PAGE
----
People and families who leave their homes and journey into the unknown, searching for a chance to shape life on their own terms, for themselves and for their loved ones; these are the industrious ones, the people who create community and a sense of place.
In the mid 1800’s near the headlands of the Little Colorado River, where the foothills of the White Mountains meet the grass lands of what is now known as Round Valley, a diverse group of emigrants chose to settle and establish the towns of Springerville and Eagar.
The first settlers knew irrigations systems could be built drawing on the river to turn the arid grasslands into fertile farming fields, for the raising of livestock and the growing of mostly grain crops.
The livestock and irrigated crops, along with charcoal and timber from the foothills of the White Mountains were delivered to Fort Apache, some 70 miles to the west and south.
From a handful of determined pioneer farmers, a new community was born. Now almost 140 years later, Springerville and its sister community of Eagar, have become one of the most pristine destinations in all of Arizona, and the great American Southwest.
The two pioneering communities of Egar and its sister community of Springerville, over the last 140 years, have created comfortable places to live, and at the same time, have protected the pristine natural beauty of the area.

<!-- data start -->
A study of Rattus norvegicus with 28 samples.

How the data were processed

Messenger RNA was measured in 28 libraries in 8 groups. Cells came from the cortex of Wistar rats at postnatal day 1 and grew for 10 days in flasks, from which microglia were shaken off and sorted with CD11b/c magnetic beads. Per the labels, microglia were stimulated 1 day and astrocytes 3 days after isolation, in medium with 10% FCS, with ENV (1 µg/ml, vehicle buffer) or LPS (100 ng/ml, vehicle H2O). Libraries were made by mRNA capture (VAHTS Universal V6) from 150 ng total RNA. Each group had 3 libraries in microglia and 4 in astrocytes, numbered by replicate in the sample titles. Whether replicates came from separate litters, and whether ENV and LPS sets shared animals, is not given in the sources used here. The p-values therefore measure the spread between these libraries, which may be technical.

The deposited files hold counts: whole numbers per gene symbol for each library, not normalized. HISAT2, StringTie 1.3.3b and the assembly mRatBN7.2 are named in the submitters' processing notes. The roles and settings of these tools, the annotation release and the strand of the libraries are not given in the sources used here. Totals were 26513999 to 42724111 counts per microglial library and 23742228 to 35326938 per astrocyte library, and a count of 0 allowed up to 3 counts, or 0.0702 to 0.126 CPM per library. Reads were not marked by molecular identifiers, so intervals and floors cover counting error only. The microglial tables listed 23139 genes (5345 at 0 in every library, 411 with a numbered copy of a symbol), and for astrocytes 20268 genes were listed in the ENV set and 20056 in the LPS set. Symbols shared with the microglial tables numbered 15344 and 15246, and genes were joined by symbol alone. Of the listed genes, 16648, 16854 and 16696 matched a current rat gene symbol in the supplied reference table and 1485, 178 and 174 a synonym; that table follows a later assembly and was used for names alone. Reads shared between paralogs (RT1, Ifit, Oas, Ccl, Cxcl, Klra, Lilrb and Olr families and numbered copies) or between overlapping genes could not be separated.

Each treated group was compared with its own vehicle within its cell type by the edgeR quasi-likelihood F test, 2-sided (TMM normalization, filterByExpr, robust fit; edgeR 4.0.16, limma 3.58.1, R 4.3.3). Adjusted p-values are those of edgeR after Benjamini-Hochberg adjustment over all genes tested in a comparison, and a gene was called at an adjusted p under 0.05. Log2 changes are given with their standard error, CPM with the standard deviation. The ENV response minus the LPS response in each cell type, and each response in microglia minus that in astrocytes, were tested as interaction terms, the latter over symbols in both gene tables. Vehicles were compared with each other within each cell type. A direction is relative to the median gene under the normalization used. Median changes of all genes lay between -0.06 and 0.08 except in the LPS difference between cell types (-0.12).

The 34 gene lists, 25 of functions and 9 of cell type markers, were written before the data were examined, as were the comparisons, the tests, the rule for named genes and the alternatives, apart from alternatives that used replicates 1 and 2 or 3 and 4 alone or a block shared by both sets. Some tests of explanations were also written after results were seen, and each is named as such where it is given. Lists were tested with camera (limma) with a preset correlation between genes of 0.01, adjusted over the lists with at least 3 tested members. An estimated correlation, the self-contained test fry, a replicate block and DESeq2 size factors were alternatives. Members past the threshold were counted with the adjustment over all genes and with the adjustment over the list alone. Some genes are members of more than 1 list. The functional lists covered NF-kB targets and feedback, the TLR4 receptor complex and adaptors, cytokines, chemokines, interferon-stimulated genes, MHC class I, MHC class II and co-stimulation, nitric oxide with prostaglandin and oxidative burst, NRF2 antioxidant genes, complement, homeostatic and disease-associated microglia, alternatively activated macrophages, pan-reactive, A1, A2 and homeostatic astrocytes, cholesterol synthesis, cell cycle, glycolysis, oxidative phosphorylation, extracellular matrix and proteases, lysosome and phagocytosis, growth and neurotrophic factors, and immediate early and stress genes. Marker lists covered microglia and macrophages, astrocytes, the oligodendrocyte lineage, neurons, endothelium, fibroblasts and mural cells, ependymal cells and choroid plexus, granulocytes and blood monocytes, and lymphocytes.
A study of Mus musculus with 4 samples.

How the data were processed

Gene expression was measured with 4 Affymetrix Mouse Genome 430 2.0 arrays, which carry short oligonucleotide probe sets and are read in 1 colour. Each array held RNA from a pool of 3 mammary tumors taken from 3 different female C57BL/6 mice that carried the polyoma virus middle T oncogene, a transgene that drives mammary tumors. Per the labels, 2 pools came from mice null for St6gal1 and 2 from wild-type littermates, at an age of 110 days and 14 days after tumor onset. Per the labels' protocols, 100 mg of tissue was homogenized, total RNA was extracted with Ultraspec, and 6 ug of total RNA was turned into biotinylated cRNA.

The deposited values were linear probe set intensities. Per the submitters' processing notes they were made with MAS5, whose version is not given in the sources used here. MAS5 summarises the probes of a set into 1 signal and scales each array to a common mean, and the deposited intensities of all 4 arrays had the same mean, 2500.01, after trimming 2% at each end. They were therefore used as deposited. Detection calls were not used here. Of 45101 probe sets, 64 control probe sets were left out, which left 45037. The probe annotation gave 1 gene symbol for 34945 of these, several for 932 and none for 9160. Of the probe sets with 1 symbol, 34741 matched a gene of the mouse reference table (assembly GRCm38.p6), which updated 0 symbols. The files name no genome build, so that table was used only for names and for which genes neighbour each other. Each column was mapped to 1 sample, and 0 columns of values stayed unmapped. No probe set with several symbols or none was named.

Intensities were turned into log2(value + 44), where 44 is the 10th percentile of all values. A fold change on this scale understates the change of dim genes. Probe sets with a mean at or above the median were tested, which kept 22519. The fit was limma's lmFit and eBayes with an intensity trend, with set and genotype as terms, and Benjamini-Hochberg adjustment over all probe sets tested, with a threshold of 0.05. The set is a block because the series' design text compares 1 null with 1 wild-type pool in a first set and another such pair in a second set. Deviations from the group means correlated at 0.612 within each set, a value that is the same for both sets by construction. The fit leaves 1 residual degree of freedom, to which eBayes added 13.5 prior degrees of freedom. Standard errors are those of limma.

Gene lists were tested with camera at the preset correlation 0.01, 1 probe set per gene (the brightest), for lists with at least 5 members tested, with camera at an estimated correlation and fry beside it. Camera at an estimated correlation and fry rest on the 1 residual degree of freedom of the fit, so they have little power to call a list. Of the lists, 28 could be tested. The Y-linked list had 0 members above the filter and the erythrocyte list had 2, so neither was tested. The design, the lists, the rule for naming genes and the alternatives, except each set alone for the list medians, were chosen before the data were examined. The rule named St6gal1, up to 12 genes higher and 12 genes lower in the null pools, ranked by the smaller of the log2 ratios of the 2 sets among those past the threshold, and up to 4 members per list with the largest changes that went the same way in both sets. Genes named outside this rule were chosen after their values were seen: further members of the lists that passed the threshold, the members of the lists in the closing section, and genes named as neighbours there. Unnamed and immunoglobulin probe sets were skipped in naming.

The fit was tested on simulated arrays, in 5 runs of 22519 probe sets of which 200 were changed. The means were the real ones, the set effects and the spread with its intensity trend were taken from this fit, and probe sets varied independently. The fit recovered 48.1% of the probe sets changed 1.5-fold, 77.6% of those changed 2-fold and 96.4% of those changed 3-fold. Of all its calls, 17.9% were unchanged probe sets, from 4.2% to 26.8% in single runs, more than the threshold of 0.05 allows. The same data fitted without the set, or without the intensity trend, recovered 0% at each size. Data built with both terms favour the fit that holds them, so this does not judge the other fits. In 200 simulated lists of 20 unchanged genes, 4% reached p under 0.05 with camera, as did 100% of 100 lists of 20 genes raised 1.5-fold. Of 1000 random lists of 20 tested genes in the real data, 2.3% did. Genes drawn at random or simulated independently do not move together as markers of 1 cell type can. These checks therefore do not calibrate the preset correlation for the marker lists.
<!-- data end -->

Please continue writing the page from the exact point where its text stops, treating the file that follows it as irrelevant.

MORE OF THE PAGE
The foothills pine forest and rolling grasslands of Round Valley are home to a wide range of abundant wildlife which is truly magical to behold.
Apache County was carved out of Yavapai County (one of the four original ‘quarter-counties’ of the Arizona Territory).
One of the most scenic and historic destinations in the nation. Apache County consists of the White Mountains in the South, which leads to the open grasslands of Round Valley, and the heart of the Navajo Nation tribal lands.
Further north, the Nations tribal lands include Canyon de Chelly National Monument and the Monument Valley Navajo Tribal Park in the far North.
Before Arizona Statehood in 1912, the Arizona Territory was a wild and untamed part of the world. The first settlers to arrive were focused on farming, ranching and mining. Their primary economy was based in keeping each of the U.S. Army Post supplied with food, building materials and other need supplies.
One of the most well known was Fort Apache, charged with protection of the settlers in the eastern White Mountains. As the rule-of-law came to the otherwise lawless territory, the number of settlers quickly grew, and the economy expanded rapidly.
Today Arizona finds itself with an expanded vision and mission; that of protecting, preserving and restoring its magnificent and awe-inspiring natural beauty, and its diverse wildlife filled ecosystems.
With Great Appreciation, for the careful work of Jack Becker, a life-long resident of Round Valley, and descendant of one of Round Valley’s pioneering families: Jack devoted many years to researching the early history of Round Valley.
Our thanks also goes to Carol Becker and family for keeping RoundValleyaz.com up for all to learn from and enjoy.
To the Springerville and Eagar Chamber of Commerce, our thanks also go, for maintaining their beautiful facility and the key roles they are playing in the building of our communities exciting future.